The Semicolon in Punctuation

Among the list of punctuation marks, the semicolon seems to create the biggest confusion among a really wide range of people. While some prefer avoid using it, hence, avoid making mistakes, others reckon that the knowledge of where to put the semicolon is a privilege of people with an immense intellect. Anyway, our job is to clear up why and when we place the semicolon in a sentence. Let’s start!

The semicolon between main clauses links closely related ideas that could exist as separate sentences. Two equal part or ideas are joined in order to diversify the usual sentence structures and make your sentence sound more sophisticated. For example: “To resolve a problem you should never act immediately; it is always better to give yourself some time for contemplation”.

The Semicolon vs. Coordinating Conjunctions

Usually, two main clauses that are combined with coordinating conjunctions like and, but, nor, or, so, yet, for are punctuated with a comma. However, there are cases when a sentence is too long and consists of multiple independent clauses already punctuated with commas and another comma will simply blur the line of clearness. To avoid the forthcoming misunderstanding, it is better to place the semicolon between parts with complex clauses that contain commas. For example: “If you want to resolve a problem, you shouldn’t act immediately; and if you really want to find a solution, give yourself some time for contemplation”.

The Semicolon vs. Conjunctive Adverbs and Transitional Phrases

Two independent clauses joined with the help of conjunctive adverbs or transitional phrases are punctuated with the help of a semicolon. The main clauses are linked with conjunctive adverbs to show some contrast, cause, and effect, comparison or any other relationships between the sentences despite the fact these two parts are independent and could exist on their own. To conjunctive adverbs belong: hence, finally, besides, moreover, nevertheless, then, thus, consequently and etc. To transitional phrases belong: after all, for example, as a result, in conclusion, for instance, on the contrary, on the other hand, and etc. For example: “To resolve a problem you should never act immediately; therefore, it is always better to give yourself some time for contemplation”.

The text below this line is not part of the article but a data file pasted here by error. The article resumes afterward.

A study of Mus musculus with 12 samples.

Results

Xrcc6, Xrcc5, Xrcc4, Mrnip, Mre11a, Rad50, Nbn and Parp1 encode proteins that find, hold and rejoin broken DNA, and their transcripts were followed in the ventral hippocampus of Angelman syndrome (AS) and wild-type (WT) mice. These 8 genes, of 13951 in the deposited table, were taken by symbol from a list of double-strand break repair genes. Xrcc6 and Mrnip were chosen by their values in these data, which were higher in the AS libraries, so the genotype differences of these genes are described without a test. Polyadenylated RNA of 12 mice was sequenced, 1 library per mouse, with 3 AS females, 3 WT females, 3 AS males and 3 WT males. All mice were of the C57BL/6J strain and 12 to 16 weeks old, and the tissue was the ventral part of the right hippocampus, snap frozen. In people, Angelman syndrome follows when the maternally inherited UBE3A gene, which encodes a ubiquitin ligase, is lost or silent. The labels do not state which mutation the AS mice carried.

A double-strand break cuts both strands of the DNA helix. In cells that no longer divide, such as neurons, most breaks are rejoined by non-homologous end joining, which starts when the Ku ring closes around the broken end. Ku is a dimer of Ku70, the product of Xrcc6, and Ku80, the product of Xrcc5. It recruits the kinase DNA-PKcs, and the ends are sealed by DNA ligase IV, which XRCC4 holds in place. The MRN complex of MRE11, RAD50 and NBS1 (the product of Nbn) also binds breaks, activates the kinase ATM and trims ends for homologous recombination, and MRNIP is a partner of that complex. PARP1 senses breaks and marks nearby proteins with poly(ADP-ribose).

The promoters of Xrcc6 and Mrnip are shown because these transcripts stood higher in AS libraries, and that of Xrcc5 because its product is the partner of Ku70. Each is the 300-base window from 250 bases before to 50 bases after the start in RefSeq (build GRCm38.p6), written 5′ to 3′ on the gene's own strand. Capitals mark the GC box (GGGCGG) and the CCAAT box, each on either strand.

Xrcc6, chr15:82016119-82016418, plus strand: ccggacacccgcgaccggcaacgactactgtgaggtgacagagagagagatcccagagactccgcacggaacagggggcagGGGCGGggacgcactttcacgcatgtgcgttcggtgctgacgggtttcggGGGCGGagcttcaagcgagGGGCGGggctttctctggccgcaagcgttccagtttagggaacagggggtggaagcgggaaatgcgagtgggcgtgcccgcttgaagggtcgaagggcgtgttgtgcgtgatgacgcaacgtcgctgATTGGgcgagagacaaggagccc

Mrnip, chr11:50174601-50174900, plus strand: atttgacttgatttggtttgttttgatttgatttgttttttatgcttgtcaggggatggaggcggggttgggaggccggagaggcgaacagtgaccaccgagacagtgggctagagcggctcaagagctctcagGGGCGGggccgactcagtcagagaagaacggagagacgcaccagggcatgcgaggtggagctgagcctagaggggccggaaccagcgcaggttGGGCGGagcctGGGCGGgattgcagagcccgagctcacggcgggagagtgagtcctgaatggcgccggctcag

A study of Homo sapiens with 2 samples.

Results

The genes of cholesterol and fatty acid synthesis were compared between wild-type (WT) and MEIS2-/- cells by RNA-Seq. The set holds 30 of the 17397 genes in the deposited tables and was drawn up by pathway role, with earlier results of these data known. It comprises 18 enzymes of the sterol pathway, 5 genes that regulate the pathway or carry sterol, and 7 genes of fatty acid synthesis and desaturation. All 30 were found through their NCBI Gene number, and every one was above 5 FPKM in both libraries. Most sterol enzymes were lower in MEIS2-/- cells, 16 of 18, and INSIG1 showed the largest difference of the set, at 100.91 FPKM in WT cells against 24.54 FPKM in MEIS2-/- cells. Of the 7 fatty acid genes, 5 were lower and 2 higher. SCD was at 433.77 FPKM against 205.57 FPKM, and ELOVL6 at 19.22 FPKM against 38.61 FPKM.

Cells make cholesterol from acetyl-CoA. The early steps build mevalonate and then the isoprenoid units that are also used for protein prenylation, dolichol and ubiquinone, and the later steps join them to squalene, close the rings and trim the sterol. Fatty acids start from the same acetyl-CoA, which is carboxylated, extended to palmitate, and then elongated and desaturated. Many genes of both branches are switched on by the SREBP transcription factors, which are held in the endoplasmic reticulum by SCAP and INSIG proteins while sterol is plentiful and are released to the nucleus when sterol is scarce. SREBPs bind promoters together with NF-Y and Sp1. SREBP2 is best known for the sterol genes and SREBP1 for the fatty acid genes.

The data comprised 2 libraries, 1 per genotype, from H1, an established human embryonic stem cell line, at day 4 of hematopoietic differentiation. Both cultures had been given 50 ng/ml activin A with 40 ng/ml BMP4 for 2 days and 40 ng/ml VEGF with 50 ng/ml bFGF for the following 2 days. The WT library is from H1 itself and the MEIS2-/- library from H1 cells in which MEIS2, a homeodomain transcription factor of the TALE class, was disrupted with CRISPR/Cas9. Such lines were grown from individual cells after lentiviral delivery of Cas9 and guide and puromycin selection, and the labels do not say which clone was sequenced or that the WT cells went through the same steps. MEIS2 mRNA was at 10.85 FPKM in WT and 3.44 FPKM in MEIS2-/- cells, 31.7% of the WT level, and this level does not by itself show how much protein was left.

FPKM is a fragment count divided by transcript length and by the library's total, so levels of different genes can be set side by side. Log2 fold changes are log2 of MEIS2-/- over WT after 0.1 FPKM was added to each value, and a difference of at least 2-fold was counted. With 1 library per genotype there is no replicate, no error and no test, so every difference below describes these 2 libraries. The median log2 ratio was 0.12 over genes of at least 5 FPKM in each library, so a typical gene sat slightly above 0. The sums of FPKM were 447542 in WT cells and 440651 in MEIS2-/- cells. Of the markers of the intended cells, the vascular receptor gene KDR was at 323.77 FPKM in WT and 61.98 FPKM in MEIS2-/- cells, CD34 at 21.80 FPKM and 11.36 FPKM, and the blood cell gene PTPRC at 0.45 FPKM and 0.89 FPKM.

The Semicolon is used to divide certain items in the long lists of something. You can’t go without commas in sentences where something is enumerated. For this reason, to separate a group of certain items from a group of other items, it is recommended to use a semicolon. For instance, if you separate items in complex lists that already have commas, you avoid confusion between these lists. For example: “There are always a few ways to resolve a problem: to act immediately, which is unwise and stupid; to give yourself some time for contemplation, which is a smart option; or ask someone for help as one head is good and two is better”.

As you see, even the trickiest punctuation mark as the semicolon becomes quite clear after examination the rules of its usage. Don’t let your uncertainness or unawareness of grammar deprive you of the right to diversify your writing style and sound smart. Learn with us and don’t limit yourself in using such a helpful punctuation tool as the semicolon. By the way, there is one more informal usage of the semicolon – as a part of wing emojis.